When sixth- and seventh-graders at Edna Drinkwater School began growing kelp in their science class at the beginning of the school year, they had no idea the project would catch a documentary crew's attention.

Around the second week of September, students in John Van Dis' science class started growing kelp using microscopic spores, which they anchored to nylon lines. Early into the project, students were concerned the spores wouldn't make it but after a few months they began to see progress.

The project's purpose was to allow students to explore sustainability, particularly as it relates to agriculture. As the students learned, there is far more available space in the ocean for growing plants and other organisms than there is arable dry land.

In addition, the students learned their kelp possessed other beneficial properties, such as its ability improve water quality in its immediate vicinity by removing harmful contaminants. In the future, Van Dis said it would be helpful to establish a permitted site, possibly in the area just off the school's waterfront property that has been closed to fishing because of poor water quality.

Once the kelp matured, students took a field trip to Hurricane Island where they helped researchers place the plants. Also, some of the kelp was used in concocting a variety of spice blends, which to the surprise of some students, were actually palatable.

“At first I wasn't looking forward to (growing) the kelp, so I wasn't thrilled about the spice,” said Gracie Coombs, one of the students who participated in the project. “But once I tasted it, I quite enjoyed it.”

It was during the spice-making process that a documentary crew learned about the students' work and asked to film them. The crew was in the process of making "Ocean Frontiers III," a documentary that looks at the United States' first regional ocean plans and the intersection of national security, marine commerce and conservation, according to the film's description.

You might think that participating in a film that's being shown locally and nationally would be a highlight for students, but for some the chance to visit Hurricane Island is a memory they won't soon forget.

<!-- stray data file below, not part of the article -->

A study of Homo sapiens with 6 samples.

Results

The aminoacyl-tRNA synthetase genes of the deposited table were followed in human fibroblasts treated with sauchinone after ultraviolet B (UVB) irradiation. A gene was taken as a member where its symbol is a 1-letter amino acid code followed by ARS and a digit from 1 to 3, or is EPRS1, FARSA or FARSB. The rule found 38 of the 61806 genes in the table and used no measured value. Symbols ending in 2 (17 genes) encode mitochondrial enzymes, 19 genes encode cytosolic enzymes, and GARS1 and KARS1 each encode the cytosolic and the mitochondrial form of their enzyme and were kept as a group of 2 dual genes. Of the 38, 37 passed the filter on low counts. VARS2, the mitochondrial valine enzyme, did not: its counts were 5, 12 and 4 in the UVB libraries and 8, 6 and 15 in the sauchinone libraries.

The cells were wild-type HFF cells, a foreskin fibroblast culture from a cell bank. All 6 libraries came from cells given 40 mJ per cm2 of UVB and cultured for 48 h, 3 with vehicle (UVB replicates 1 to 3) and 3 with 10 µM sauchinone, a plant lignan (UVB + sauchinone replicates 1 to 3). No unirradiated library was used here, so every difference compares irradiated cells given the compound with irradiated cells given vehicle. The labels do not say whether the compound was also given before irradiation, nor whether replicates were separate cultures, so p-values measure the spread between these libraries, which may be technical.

That was the case for student Maggie Vinci who noted very few students would have had the chance to visit the island and take an active part in putting out the kelp lines.

In addition to the kelp project, students have also been experimenting with filtration systems using fish and plants. The experiment is set up so that the waste from the fish feeds plants, which in turn filter the water the fish live in. So far the project has been a success and the intent is to use the data they've gathered and apply the practice in a larger tank in the school's greenhouse and aquaponics lab.

As for Van Dis, he said he's very pleased with the work students have done, notifying how gratifying it is to hear them talk about how empowered they feel and their desire to continue to do such work. Principal Todd Martin echoed those sentiments and said students at the school are fortunate they have the chance to engage in such hands-on learning. He recalled his days in middle school where the extent of his science education was almost entirely textbook-based.

“What a gift they are getting in science education,” Martin said.

"Ocean Frontiers III" will be shown at Colonial Theatre in Belfast Tuesday, March 21, at 7 p.m. A question-and-answer panel will follow the film.